MBA Candidates: How To Successfully Transition to a Healthcare Career
Healthcare is the leading producer of jobs in the United States, accounting for almost 16 million jobs as of the end of last year according to the Bureau of Labor Statistics. It’s an industry that’s ripe with opportunities for driven individuals to excel. So how do you get your foot in the door?
One of the smoothest ways to get a management job in the healthcare industry is by being recruited out of an MBA program. Hospital systems and health insurers, as well as pharmaceutical and biotech companies see the value of a rigorous management education and routinely spend a significant amount of time courting business school students.
Entering the healthcare workforce through a rotational or leadership program, or simply through an MBA-level position allows you to leapfrog multiple levels in these companies and puts you on a shortened path to senior management roles.
What degree should you get?
There are a number of degrees that can lead you to a management path in healthcare. Obviously, you can have an MD or RN and work your way up to a management role. You can obtain an MHA (Master of Health Administration) which is a professional degree pursued largely by students fresh out of college seeking administrative fellowships in hospitals. Or, if you are a professional with a few years of work experience looking to enter healthcare in a position that will allow you to make an immediate impact, an MBA program may be a great option.
What should you look for in a business school?
All schools are not cut from the same cloth. Assemble your consideration set by looking at the resources that your prospective schools devote to healthcare. Consider these questions:
- What healthcare-specific classes are available? If you are in a different industry, you’ll want to learn healthcare jargon and industry dynamics so that you can put your best self forward in job interviews. Are there faculty whose research focuses on the healthcare business?
- Does the school have a healthcare club? Contact club leadership to learn how active the club is. What sorts of activities or events does the club offer? Will you have the opportunity to interact with industry leaders in a school-sponsored healthcare conference or on a club trek to visit a variety of organizations in the space? Don’t forget to highlight these conversations on your application.
- What percentage of the class enters healthcare after graduation? Are there career counselors that focus on specific industries and is there one for healthcare? Use LinkedIn to get a sense of the depth and breadth of the alumni network in healthcare.
- Who recruits on campus? Do you have to seek out employment or do the opportunities come to you? Which companies make campus presentations? Are there prominent healthcare alumni with whom you can connect?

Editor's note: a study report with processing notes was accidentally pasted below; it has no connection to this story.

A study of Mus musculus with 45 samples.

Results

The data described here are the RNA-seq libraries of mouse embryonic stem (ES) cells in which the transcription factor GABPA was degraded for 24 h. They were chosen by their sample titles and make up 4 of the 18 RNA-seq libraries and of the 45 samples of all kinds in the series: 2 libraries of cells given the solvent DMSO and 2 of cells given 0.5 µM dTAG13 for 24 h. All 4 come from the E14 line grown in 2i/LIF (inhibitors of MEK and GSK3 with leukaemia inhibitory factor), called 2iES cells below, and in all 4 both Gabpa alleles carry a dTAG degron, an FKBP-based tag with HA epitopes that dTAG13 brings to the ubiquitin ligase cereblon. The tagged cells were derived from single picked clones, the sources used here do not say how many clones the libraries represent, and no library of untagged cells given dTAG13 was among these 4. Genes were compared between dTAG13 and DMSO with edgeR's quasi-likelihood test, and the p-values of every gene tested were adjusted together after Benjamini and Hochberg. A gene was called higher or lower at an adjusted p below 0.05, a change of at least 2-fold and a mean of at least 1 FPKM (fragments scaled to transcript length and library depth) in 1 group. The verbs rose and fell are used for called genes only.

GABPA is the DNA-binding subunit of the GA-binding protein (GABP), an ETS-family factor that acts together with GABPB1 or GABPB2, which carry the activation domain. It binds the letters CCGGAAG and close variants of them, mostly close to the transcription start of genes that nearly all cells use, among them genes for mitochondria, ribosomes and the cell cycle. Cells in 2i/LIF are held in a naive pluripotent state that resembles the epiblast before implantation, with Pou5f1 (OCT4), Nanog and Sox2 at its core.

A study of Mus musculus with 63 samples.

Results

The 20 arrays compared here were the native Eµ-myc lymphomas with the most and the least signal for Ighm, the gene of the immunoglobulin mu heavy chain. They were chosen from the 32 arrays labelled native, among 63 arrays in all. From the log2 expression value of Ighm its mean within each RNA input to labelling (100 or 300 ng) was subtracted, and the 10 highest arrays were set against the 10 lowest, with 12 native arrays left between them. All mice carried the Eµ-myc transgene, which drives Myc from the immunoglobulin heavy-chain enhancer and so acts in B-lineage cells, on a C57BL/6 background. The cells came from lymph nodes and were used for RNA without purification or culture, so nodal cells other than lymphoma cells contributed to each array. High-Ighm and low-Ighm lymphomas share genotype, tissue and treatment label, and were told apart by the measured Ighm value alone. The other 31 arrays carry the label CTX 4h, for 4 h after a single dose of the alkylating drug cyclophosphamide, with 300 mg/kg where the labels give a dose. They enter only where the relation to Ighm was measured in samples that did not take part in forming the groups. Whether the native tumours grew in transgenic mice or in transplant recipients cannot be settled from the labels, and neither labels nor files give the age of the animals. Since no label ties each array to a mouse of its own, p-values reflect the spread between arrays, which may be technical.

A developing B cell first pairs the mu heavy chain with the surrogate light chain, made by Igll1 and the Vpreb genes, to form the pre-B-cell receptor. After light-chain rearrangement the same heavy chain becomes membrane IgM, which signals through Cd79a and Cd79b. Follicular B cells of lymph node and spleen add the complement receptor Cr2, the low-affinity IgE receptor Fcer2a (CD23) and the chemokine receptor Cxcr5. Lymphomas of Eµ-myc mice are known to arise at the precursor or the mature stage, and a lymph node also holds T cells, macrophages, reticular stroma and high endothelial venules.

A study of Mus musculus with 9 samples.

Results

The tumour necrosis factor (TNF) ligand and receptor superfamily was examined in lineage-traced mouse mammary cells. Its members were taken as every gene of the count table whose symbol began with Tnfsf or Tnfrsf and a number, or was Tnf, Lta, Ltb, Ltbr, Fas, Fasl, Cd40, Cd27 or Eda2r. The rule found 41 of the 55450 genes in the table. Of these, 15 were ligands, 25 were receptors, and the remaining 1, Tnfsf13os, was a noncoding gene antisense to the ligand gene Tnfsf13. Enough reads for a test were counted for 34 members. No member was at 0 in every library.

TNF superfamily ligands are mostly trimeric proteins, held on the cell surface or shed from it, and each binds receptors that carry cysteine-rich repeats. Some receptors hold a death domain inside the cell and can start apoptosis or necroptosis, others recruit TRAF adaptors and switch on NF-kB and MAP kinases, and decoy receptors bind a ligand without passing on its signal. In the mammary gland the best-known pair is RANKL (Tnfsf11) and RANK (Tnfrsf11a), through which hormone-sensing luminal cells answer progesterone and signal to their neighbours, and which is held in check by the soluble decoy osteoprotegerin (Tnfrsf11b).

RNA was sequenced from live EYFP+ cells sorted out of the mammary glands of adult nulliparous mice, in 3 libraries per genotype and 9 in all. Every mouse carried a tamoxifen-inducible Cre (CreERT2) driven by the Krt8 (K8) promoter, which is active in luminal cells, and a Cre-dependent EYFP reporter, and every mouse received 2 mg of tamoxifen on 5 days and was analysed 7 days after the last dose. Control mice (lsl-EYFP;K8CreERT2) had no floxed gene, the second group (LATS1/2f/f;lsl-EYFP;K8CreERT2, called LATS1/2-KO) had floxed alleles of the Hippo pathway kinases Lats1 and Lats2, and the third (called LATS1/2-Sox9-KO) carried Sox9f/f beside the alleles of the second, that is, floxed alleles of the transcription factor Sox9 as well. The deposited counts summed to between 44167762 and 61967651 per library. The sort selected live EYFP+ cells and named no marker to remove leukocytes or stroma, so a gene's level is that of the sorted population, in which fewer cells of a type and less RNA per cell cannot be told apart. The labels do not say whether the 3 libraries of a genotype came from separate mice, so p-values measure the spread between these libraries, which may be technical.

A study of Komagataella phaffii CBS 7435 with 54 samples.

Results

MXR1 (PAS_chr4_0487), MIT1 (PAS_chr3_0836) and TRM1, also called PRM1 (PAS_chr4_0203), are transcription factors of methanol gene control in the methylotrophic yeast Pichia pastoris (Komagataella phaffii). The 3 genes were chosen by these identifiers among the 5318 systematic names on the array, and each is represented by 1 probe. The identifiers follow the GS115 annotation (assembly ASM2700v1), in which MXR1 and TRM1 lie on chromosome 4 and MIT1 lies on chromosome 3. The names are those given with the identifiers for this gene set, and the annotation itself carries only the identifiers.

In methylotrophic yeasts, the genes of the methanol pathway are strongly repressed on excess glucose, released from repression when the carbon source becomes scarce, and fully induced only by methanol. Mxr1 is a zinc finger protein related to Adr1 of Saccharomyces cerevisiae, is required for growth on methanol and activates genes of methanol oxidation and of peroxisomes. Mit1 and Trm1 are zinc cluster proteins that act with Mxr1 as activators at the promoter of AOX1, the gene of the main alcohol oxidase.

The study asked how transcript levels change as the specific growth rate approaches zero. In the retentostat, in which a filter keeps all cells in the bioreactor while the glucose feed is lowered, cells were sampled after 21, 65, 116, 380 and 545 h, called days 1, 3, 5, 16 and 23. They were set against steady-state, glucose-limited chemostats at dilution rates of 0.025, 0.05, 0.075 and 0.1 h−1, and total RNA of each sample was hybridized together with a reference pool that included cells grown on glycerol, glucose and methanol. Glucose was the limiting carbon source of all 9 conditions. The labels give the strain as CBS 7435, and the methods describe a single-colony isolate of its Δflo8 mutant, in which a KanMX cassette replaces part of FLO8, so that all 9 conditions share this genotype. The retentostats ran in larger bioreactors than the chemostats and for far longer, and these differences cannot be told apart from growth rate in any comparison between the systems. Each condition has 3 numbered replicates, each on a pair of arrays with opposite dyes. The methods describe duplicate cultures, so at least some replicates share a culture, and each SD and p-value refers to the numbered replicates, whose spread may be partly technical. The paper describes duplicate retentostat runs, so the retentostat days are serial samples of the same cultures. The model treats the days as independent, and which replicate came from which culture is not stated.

Should you go to a school that offers an MBA with a healthcare focus?
Some MBA programs even offer a healthcare-specific MBA. Alternatively at some MBA programs you can do a major of concentration in healthcare or earn a targeted healthcare certificate . Is this right for you?
In my opinion, employment data trumps marketing hype. Look at the career placement reports. Are graduates pursuing the kinds of roles you can see yourself doing? What are the starting salaries? Do you need to apply to the healthcare track or can anyone opt in after being admitted to the general MBA program? What will be the story you craft to make your case to the admissions committee?
I did it. So can you!
After a grueling two years in Real Estate Private Equity, I wanted a drastic career change, not only with better work-life balance but also more meaningful work. Without knowing specifically what industry to pursue, I applied to business school as a way to transition into a role where I would have the ability to impact people on an individual level.
At Harvard Business School, I discovered the plethora of opportunities available to MBA graduates in healthcare organizations. At the time, HBS had no healthcare concentration and only a few dedicated healthcare classes. However, the healthcare club and alumni network were incredibly active and powerful. I was able to transition into a management role as a Business Analyst for a national integrated healthcare organization in which I could leverage the quantitative skill set gained during my time in PE and apply it to solve vastly different challenges.
By combining my aptitude for analytics with the general management approach I learned at HBS, I was able to excel in my job and was rapidly promoted to Senior Consultant. In this role, I worked on internal strategy and deployment of quality improvement projects—exactly the kind of work that let me have the impact on patients and front-line staff that I sought. My MBA was a game changer.